Comments / {{hitsCtrl.values.hits}} Views / Saturday, 30 December 2017 00:00


GUWAHATI, India/NEW DELHI (Reuters): India has mobilised around 60,000 police and paramilitary troops in a sensitive border state ahead of the publication of a list of citizens it says will be used to detect and deport illegal immigrants – mainly Muslims – from neighbouring Bangladesh.

Prime Minister Narendra Modi’s Hindu nationalist Bharatiya Janata Party (BJP) took power in the eastern state of Assam for the first time last year, vowing to act against illegal Muslim residents who take away jobs from local Hindus.

On Sunday the state government will release a draft National Register of Citizens (NRC) after a census carried out for the first time since 1951.

The exercise could lead to communal tensions in Assam, which has the second highest percentage of Muslims of any Indian state. Muslims leaders have called the NRC a tool to make them stateless, likening themselves to Myanmar’s persecuted Rohingya minority. 

“The NRC is being done to identify illegal Bangladeshis residing in Assam,” Himanta Biswa Sarma, Assam’s finance minister who is also in charge of the citizenship register, told Reuters. “All those whose names do not figure in the NRC will have to be deported. We’re taking no chances and hence all security measures have been taken.”

Sarma said Hindu Bangladeshis who faced persecution there would be given shelter in India, in line with federal policy.

A spokesman for the Ministry of Home Affairs in New Delhi had no immediate comment.

Bangladesh’s Home Minister Asaduzzaman Khan said Dhaka had no knowledge of any plans to deport people. “We didn’t receive any information from the Indian government, neither formally nor informally,” he said.

It is estimated that there are more than 2 million Muslims in Assam who trace their roots to Bangladesh.

To be recognised as Indian citizens, they must be able to produce documents proving that they or their family lived in the country before March 24, 1971.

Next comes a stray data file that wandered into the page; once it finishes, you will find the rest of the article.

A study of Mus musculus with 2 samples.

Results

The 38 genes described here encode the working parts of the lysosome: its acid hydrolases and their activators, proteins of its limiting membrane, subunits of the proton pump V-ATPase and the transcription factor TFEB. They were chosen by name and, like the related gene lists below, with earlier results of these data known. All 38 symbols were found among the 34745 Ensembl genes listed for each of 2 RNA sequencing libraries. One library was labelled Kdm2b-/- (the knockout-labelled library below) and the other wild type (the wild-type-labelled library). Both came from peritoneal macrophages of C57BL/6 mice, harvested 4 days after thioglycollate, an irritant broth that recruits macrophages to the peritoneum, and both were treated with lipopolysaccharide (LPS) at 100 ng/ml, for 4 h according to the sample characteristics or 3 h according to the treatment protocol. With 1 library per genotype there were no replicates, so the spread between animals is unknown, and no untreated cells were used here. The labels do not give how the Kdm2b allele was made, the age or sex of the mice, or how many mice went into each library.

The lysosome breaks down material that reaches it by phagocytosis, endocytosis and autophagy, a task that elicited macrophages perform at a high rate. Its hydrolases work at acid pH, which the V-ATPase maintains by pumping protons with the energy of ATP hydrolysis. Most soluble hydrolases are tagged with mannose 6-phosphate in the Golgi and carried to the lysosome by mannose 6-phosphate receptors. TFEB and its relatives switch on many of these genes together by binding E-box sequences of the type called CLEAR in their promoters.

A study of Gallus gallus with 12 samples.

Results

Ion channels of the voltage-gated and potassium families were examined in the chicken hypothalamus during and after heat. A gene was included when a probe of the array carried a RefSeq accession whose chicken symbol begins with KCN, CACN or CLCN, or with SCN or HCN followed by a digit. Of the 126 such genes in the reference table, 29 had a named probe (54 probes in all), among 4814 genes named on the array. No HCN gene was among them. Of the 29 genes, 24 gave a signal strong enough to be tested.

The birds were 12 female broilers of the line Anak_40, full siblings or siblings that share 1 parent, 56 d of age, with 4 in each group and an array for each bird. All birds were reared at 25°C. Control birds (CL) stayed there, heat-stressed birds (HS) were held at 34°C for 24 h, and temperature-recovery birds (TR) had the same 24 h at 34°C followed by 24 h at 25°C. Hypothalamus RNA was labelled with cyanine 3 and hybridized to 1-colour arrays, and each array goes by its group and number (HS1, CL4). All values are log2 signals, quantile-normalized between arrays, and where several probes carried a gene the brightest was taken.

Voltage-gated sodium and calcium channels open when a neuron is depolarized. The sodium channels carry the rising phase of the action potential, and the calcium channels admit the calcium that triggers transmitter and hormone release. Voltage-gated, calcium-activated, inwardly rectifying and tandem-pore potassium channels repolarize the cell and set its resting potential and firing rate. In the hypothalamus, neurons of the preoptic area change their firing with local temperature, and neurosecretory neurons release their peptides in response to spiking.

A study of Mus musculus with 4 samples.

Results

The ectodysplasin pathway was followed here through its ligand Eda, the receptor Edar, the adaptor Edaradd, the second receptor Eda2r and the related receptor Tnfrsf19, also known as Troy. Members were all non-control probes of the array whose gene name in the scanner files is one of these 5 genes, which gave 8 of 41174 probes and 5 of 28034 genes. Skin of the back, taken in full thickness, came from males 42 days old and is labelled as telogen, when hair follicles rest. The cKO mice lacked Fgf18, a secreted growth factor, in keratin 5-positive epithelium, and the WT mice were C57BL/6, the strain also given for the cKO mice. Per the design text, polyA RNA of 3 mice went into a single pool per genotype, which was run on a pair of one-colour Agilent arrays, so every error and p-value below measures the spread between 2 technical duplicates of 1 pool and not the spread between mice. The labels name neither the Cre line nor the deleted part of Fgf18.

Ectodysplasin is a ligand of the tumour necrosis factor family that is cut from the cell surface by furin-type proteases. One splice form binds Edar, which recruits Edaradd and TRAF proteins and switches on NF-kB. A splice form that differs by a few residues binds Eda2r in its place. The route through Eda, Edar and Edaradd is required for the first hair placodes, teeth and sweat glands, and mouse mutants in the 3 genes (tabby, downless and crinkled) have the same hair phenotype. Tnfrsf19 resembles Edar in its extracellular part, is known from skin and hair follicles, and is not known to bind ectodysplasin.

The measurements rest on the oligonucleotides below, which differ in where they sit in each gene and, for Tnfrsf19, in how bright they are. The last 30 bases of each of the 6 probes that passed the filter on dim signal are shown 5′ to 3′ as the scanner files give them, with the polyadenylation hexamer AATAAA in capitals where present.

“My grandparents and my parents were all born in India but today we are finding it difficult to provide documents to support our claims that we are Indians,” said Asiful Rahman, a teacher at an Islamic seminary in a Muslim-majority district of Assam.

“Our parents and grandparents were illiterate and did not keep any legal documents, and for that we are facing the test of proving our Indian nationality now.”

Tens of thousands of people fled to India from Bangladesh during its war of independence from Pakistan in the early 1970s. Most of them settled in Assam, in India’s north-east, and the neighbouring state of West Bengal, where there are similar demands to send back illegal Muslim immigrants.

When Modi’s BJP swept to power nationally in 2014, the election was marred by sectarian violence in Assam that killed more than 40 people. During that campaign, Modi told illegal immigrants in states bordering Bangladesh to have their “bags packed” ready to be sent home should he win. 

Since taking office, meanwhile, the government has been making it easier for Hindus, Buddhists and Christians from Bangladesh and Pakistan to gain citizenship in India.

Proposed changes to the law would mean no Hindu or other minority from those countries who arrived in India before the end of 2016 would be considered illegal immigrants.

Modi’s administration also plans to nearly halve the number of years Hindus and other minorities from the neighbouring countries need for naturalisation to six years, in line with a long-held belief on the religious right that India is the home for all Hindus. 

A pilot project to update the NRC in Assam in 2010, under the previous Congress government, had to be stopped due to what the government called “law and order problems”. The current process is being monitored by the Supreme Court and it could be months or years before the list is finalised.

The Assam government has stepped up security after a senior Muslim leader told a news conference last month that any registration of citizens on the basis of religion would be “devastating” for the country and there could be “unrest”.

“One needs a number of documents to prove the family lineage and nationality,” said Rafiqul Ali, a college student in the Muslim-dominated Barpeta district of Assam. “I know many of my friends and relatives who were unable to submit all the documents required to get names enlisted in the NRC.”